Coming back from a week at PQS in Wilsonville, OR.
This is from the Jewish view point.
How does this line up with the Christian viewpoint? How does it not line up with the Christian viewpoint?
Dig a Dakota Fire Hole // By T. Edward Nickens
Native Americans used a Dakota fire hole to hide cooking fires from their enemies. Turns out that these small pits also consume less wood while burning hotter than open fires. Plus, they excel in windy conditions and provide a great platform for cooking. The fire hole works by drawing fresh air into the combustion chamber. Hot air rises from the hole, creating a draft that draws air through the vent and into the base of the fire. The cycle is self-sustaining, and digging the vent on the upwind side of the fire hole helps suck up the breeze like the air scoop on the Bandit’s Trans Am. Here’s how to dig one.
1. Dig the fire chamber. Excavate a pit 1 foot in diameter and 1 foot deep. Now widen the base of the chamber a few inches so it has a juglike shape. This lets you burn larger pieces of wood.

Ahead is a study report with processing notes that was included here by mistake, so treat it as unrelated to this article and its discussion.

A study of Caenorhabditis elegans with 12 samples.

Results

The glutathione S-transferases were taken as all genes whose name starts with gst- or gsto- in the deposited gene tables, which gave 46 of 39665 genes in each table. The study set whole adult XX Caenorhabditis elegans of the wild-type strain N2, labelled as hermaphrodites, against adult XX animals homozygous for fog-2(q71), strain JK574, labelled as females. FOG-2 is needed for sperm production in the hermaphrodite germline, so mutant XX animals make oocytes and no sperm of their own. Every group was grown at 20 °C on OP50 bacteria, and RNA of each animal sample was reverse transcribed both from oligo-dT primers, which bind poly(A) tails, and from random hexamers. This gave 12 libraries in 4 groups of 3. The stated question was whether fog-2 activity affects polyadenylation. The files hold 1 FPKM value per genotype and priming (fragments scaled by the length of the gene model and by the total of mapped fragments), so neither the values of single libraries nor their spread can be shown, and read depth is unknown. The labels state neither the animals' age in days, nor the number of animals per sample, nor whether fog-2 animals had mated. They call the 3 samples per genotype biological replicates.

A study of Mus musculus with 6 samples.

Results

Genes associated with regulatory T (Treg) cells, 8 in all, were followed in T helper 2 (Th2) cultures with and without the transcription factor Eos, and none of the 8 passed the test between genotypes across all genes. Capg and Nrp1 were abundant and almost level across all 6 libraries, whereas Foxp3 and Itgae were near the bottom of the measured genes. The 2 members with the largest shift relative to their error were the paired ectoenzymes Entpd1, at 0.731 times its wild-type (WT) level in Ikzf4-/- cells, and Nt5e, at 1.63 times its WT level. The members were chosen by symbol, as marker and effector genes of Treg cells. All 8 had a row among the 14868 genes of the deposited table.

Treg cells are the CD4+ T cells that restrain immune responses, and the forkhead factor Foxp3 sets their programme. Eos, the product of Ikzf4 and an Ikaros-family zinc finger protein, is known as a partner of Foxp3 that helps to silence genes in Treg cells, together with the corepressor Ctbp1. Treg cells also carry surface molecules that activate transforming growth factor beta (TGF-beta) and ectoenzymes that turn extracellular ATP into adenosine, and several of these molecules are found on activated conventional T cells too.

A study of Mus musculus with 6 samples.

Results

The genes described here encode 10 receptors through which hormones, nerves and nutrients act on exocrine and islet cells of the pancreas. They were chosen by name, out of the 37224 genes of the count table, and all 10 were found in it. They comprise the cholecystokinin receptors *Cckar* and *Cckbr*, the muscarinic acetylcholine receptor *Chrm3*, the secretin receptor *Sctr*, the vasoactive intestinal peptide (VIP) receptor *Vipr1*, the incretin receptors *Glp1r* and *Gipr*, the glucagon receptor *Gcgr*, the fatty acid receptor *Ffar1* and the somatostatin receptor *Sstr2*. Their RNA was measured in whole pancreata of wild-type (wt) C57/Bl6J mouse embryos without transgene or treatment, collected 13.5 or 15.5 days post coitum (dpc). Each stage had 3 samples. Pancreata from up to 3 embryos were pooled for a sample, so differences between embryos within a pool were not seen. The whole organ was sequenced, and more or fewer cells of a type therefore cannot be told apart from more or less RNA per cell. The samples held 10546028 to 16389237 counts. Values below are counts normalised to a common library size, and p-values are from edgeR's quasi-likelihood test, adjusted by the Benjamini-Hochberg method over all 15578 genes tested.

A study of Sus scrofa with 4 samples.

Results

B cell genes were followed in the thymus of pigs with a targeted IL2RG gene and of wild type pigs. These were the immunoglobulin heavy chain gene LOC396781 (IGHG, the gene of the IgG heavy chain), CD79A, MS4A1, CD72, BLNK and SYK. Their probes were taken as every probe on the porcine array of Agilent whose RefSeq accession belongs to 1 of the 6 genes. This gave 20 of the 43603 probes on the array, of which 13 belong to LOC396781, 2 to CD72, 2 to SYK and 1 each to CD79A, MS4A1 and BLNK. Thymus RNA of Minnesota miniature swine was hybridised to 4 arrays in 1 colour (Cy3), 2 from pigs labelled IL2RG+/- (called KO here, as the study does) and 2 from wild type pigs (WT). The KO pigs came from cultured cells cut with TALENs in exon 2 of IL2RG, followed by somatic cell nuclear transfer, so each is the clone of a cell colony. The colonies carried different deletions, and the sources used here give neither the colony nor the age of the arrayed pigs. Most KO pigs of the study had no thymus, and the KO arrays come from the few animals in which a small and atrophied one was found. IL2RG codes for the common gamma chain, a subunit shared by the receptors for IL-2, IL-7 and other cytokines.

2. Dig the air tunnel. Start a foot away from the edge of the chamber, on the upwind side, and carve out a molelike tunnel 5 or 6 inches in diameter, angling down toward the base of the fire chamber.
3. Build your fire in the chamber and top the hole with a grate or green saplings stout enough to hold a pot over the flames.
Illustration by Robert L. Prince
A customer asked me what I thought he needed to defend his home. I suggested a 9mm, a couple clips, and a box of shells. A few days later, he sent me this picture and asked how to make it work.
“Without continual growth and progress, such words as improvement, achievement, and success have no meaning.” – Benjamin Franklin
The New Year is a time of goal setting – and the months after it are too often full of frustration, disappointment and the eventual desertion of our goals. But it doesn’t have to be...
Here's a picture inspired by my last trip to Leavenworth, WA.